With the advent of more and more software, split testing has become quite a hot topic. For the last few years, it seems almost every online marketing blog you read has at least a few sections dedicated to "split testing."
But, there's a big problem these companies aren't really telling you:
Most small to medium sized businesses are absolutely wasting their time and resources on split testing.
Split testing is generally a really bad idea for new business owners, but before we dig into that let me explain what split testing is:
Split testing, otherwise known as "A/B testing", is the practice of setting up two variations of the same page on a website (generally a landing page, the home page, or another important sales page on the website) and sending equal amounts of traffic to those pages until one of them is deemed the "winner." This winner is then used as the sole page for that section of the website.
Change a couple of headlines and BOOM! Conversions go through the roof. Move your contact form to the right side, and you see a 50% increase in conversions on the landing page. That's the kind of "results" most companies expect to see in split testing.
However, it's rarely the case that these results occur. In fact, more often than not, you'll find a split tested page has almost the exact same conversion rate. Anyone who regularly runs split tests will tell you that huge wins like that generally don't happen.
Let me use an example:
Say you're selling hot tubs. You can't decide which photo you should use on your landing page. One of the photos is a tasteful picture of a woman in a bikini inside one of your hot tubs, and the other is a picture of a family enjoying their new hot tub.
You're torn between the two photos, so you create a split test to see which of the two page variations convert better.
Here's what you may expect to happen:
Photo of the woman in the bikini: "40% conversion rate"
Photo of family in hot tub: "54% conversion rate"
Here's what will actually happen:
Photo of the woman in the bikini: "41% conversion rate"
Photo of family in hot tub: "42% conversion rate"
What does this data tell you? Specifically, what does the second set of data tell you? Does it tell you the family in the hot tub should be the right picture?
No, it's actually telling you that you need to run about 20 more split tests to properly optimize the page. In fact, most professional split tests I've been a part of are between 20 - 40 tests on a single page. Even when you do get a "grand slam" like the expectation example (where one conversion rate was 14% higher) over time, that conversion rate will slowly fall back to the "average" conversion rate your website typically sees.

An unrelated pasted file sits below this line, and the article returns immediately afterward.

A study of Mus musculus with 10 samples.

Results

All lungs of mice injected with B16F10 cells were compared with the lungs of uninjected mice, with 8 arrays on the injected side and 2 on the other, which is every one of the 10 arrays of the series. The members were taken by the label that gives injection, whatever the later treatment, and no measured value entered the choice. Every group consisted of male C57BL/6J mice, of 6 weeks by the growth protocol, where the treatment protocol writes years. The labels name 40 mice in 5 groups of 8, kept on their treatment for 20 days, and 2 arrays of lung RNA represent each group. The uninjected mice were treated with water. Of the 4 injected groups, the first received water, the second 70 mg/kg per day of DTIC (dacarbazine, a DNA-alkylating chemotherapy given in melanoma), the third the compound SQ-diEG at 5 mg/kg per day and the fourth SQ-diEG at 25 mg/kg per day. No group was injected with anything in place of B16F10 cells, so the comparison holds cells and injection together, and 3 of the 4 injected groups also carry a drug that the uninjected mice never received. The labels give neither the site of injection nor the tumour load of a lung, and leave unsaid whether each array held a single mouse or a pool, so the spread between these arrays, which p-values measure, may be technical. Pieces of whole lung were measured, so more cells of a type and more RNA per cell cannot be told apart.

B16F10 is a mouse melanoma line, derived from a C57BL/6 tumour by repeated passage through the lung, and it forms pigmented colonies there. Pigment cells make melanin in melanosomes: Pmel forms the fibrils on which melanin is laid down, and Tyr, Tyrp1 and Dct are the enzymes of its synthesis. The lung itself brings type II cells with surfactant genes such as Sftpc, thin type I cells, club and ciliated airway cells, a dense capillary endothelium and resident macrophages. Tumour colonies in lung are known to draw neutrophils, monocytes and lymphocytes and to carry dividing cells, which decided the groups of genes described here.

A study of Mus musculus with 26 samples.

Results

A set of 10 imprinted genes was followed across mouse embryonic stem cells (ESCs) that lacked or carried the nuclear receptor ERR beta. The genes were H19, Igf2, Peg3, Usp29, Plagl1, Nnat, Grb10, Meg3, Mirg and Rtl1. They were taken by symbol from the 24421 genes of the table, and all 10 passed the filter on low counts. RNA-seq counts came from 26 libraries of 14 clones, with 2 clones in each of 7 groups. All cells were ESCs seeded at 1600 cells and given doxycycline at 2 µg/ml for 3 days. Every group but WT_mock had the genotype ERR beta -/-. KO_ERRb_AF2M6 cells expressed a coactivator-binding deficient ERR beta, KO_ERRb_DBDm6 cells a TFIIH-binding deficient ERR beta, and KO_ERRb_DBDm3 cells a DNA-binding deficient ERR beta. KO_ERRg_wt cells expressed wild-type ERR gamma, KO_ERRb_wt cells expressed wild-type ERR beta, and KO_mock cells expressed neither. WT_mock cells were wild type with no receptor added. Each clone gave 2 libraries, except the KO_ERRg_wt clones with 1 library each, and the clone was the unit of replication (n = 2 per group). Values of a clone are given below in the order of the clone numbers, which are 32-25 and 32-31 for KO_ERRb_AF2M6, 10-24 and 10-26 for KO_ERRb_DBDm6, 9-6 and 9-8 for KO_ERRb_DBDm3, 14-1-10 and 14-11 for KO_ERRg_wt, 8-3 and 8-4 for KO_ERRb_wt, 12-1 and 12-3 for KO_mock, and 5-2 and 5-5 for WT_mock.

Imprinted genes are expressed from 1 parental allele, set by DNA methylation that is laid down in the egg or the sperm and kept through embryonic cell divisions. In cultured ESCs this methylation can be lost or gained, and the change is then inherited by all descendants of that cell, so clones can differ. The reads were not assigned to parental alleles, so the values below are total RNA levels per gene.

This is not to mention the fact that an accurate split test generally needs tens of thousands of people (or more) in order to produce the results necessary to make effective decisions with the data.
So what's to be done?
A lot of companies (especially web based companies) waste time in split testing. Instead of focusing on increasing your conversion rate, focus on increasing the amount of visitors to your specific landing page. For example:
Imagine you send 1000 people to your landing page last week. You saw a conversion rate of 1.5%, or 15 people out of that 1000 that completed the desired action such as an email signup or free download. Instead of spending the rest of the month testing out different options for the landing page, focus on getting 10,000 through to it. Those numbers are more important to your success, and more telling when used for analysis later.
So, When Should You Split Test?
Simply put, before you have the proof of concept.
Don't waste a lot of time on the "little" details like different subject lines, different blog titles, and variations of button color. Instead, only split test the most important points of your website. This could include:
- Your main sales page
- Your landing page
- Your first variations of sales copy and brand copy (this means, your first set of mass emails, your first set of customer focused emails, and so on).
Further, anything that needs to ensure people will buy what you're selling should be split tested. The ultimate goal here is obtaining proof of concept, or, evidence that your idea actually works.
Expanding on the above example, what if the 1000 people who visited your website last week gave you a true conversion rate of 0%? None of the 1000 people bought from you, or filled out a contact/lead form. Your 1.5% that "converted" stuck with their freebie, and moved along with no intention of ever purchasing from you.
This means you don't have proof of concept, and whatever you're doing needs to be tested more effectively. Maybe your landing page copy was off. Perhaps you put a picture of a woman that was way too scantily clad in her bikini-and you offended your customers.
However, once you do have proof of concept-you need to drop split testing and focus on attracting more eyeballs to the proof of concept. If you spend too much time "tweaking the system" to make it work more efficiently, you'll find you haven't spent nearly as much time attracting new and returning customers to that system.
To sum up:
Use split testing strategically, and only on elements of your website that will directly effect your profits (or other critical goals) to ensure you're not wasting valuable time.
Don't expect wild swings and "home runs" in your data, especially over time.
Once you have proof of concept, get as many people visiting that site as possible, as quickly as possible.